Athenahealth's sale to two private equity firms closed Monday, making way for what the company's new CEO says will speed up the industry's slow crawl toward the elusive goal of interoperability
"We think we win in an open environment, and we're driving towards interoperability," said new Athenahealth CEO Bob Segert. "It's a key part of our strategy as we go forward."
Athenahealth's new owners, Veritas Capital and Elliott Management Corp.'s Evergreen Coast Capital, are combining the company with the former GE Healthcare company Virence Health Technologies. The $5.7 billion transaction won regulatory clearance ahead of last week's shareholder approval, paving the way for its final close.
The new company's revenue totals more than $1.7 billion and it has more than 160,000 clients—120,000 of whom come from Athenahealth, which transitioned from a public to a private company under the deal. The company will retain the Athenahealth name, brand and Watertown, Mass., headquarters. Its executive team has not been announced, but will include leadership from both companies. Both Veritas and Evergreen will have seats on its board.
Now the challenge is bringing the companies together. For the time being, both Athenahealth's and Virence's customers will remain on their respective platforms, but within the next couple of years, Virence's customers will move onto Athenahealth's platform.
It won't be simple, but it's been done many times before, Segert said.
"People say, 'What's the best way to eat an elephant?' One bite at a time," he said. "I think it's the same thing with mergers like this. I've been through several of them in the past where we've had to merge platforms together and it just takes time."
Segert described Athenahealth and Virence as having complementary qualities—the former being well-positioned in the "front door of medicine," with many primary-care clients. Virence, meanwhile, has a portfolio of large, multispecialty clients, he said.
"We believe we can harmonize those workflows and that information technology into a very powerful, broader AthenaOne platform," he said. "That's one of the things we get really, really excited about because we think it's going to bring tremendous value to our customers."
In mergers like this one, companies usually take one of two routes: merge their separate platforms together or migrate onto a single platform. Erik Bermudez, vice president of emerging markets and healthcare technology research at KLAS Research, said he recommends—both generally and in this case—bringing the companies' customers onto a single platform rather than attempting to merge the platforms. In his experience, companies are less likely to have success with their customers if they try to run multiple platforms in tandem rather than focusing on one platform, although they might still achieve financial success.
"If there is a focus on a single platform, if there is a focus on understanding 'What do customers want to achieve with this platform, and how do we dedicate the right resources to that platform to help customers get from point A to point B?' " Bermudez said. "That is ultimately better in the long run."
Athenahealth has dominated the ambulatory landscape for the past decade, but two years ago, a KLAS report uncovered a sharp decline in satisfaction among its customers that it hasn't completely recovered from, Bermudez said. That in combination with vocal investors and the departure of key executives may have precipitated the desire to make a change, he said, adding that KLAS has not researched the deal directly.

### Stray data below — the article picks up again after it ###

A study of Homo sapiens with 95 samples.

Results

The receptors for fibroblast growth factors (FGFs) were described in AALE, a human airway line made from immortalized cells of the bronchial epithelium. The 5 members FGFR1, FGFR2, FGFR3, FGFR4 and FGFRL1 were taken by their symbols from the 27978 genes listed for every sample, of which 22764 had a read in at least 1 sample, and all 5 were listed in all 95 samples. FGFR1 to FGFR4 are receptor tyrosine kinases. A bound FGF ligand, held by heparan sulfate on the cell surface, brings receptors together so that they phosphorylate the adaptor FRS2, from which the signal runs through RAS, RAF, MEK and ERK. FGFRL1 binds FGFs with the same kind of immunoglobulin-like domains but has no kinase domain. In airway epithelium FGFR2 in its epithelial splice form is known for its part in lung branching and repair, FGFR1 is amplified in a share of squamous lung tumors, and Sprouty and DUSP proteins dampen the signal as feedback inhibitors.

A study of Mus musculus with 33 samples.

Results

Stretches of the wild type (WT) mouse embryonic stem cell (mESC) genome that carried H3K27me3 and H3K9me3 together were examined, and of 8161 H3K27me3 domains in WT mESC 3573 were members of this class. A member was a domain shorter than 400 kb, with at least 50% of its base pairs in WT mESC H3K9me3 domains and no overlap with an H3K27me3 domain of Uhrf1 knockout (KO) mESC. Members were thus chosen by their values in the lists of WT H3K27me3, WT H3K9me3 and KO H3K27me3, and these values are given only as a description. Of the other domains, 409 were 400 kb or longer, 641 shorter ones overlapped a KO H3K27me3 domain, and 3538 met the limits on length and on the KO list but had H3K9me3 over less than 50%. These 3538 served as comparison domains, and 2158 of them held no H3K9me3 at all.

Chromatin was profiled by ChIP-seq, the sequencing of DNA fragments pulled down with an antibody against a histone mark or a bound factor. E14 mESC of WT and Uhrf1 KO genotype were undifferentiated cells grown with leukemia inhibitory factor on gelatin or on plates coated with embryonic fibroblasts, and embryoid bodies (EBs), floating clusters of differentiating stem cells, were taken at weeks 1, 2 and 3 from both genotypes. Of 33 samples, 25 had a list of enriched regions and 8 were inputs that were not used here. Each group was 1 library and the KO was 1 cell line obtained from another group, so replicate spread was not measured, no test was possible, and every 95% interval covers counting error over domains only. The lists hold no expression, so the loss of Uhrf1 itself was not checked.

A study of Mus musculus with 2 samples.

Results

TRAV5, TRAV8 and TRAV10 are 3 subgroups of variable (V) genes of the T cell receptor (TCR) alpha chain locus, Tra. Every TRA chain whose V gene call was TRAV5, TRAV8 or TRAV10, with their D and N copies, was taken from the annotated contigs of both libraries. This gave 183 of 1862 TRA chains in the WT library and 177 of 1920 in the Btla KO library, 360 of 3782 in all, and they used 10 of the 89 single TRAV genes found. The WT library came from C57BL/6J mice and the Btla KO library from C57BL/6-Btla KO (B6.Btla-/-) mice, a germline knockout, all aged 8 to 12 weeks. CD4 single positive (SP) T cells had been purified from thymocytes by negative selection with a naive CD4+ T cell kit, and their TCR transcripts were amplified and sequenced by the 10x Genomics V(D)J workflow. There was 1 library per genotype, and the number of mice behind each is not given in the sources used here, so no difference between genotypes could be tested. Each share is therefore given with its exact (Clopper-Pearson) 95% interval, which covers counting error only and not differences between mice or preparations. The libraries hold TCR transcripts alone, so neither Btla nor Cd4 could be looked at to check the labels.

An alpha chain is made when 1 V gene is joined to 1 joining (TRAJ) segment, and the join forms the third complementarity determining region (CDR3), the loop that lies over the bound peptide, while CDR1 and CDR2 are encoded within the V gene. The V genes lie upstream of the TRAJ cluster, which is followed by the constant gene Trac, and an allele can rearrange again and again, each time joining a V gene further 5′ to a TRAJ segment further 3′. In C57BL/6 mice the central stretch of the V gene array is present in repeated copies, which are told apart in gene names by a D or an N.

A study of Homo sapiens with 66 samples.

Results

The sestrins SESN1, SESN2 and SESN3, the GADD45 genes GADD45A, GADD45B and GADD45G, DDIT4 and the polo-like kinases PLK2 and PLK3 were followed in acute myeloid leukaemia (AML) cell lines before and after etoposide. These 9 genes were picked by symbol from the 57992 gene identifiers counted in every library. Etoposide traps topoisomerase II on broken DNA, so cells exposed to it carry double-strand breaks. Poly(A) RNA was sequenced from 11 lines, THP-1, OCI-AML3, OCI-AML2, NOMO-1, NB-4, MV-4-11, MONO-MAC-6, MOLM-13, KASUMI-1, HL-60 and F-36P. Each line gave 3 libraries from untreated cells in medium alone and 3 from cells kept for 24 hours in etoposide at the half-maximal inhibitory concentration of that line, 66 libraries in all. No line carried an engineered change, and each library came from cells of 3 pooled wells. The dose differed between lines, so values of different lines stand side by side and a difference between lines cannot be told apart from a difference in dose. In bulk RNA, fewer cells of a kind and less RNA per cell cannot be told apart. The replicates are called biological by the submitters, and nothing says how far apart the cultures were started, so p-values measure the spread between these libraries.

A lot of times deals like this are simply about bringing together several assets to form a bigger, more valuable company, said Pam Arlotto, CEO of the healthcare transformation consulting firm Maestro Strategies.
Private equity has shown a strong interest in physician practices in recent years, and Arlotto said she thinks they'll innovate the way they're run to be more efficient and integrated.
"What these investors are doing is they're making a bet on that," she said. "They're saying, 'This is an area that's going to grow. It's going to need more professional management and expertise.' So they're bringing together companies with software, services and probably some very specific goals to impact practices and probably to grow."
Closing the deal hasn't been a completely smooth process since the definitive agreement was signed in November. In December and early January, three shareholders filed lawsuits that said Athena health's original proxy filing to shareholders was misleading and left out material information. Athenahealth added new information to the proxy in a Jan. 28 filing, which simultaneously announced that all three plaintiffs had voluntarily dropped their cases.
One of the lawsuits, Hamilton v. Athenahealth, took issue with the more than $26 million in stock awards Athenahealth's executives and board members will receive once the deal closes, arguing the deal will "create a windfall for Athenahealth's executive officers that is unavailable to the common stockholders." The complaint also cited the golden parachute proposal, which is worth a combined $20.3 million for its beneficiaries
That lawsuit also argued that the price of $135 per share does not adequately compensate the company's shareholders.
"In the end, Elliott got what it wanted," the complaint stated. "Athenahealth is going private, but Elliott is paying less than the company is worth. If history is any indication, Elliott will sell Athenahealth in a few years for a premium. Elliott will profit; the other Athenahealth shareholders will not."
Segert declined to comment on the allegations in the lawsuits, but said the company was responsive to the requests for additional information.
As part of the deal, Virence's workforce management business is becoming a separate Veritas portfolio company under the API Healthcare brand.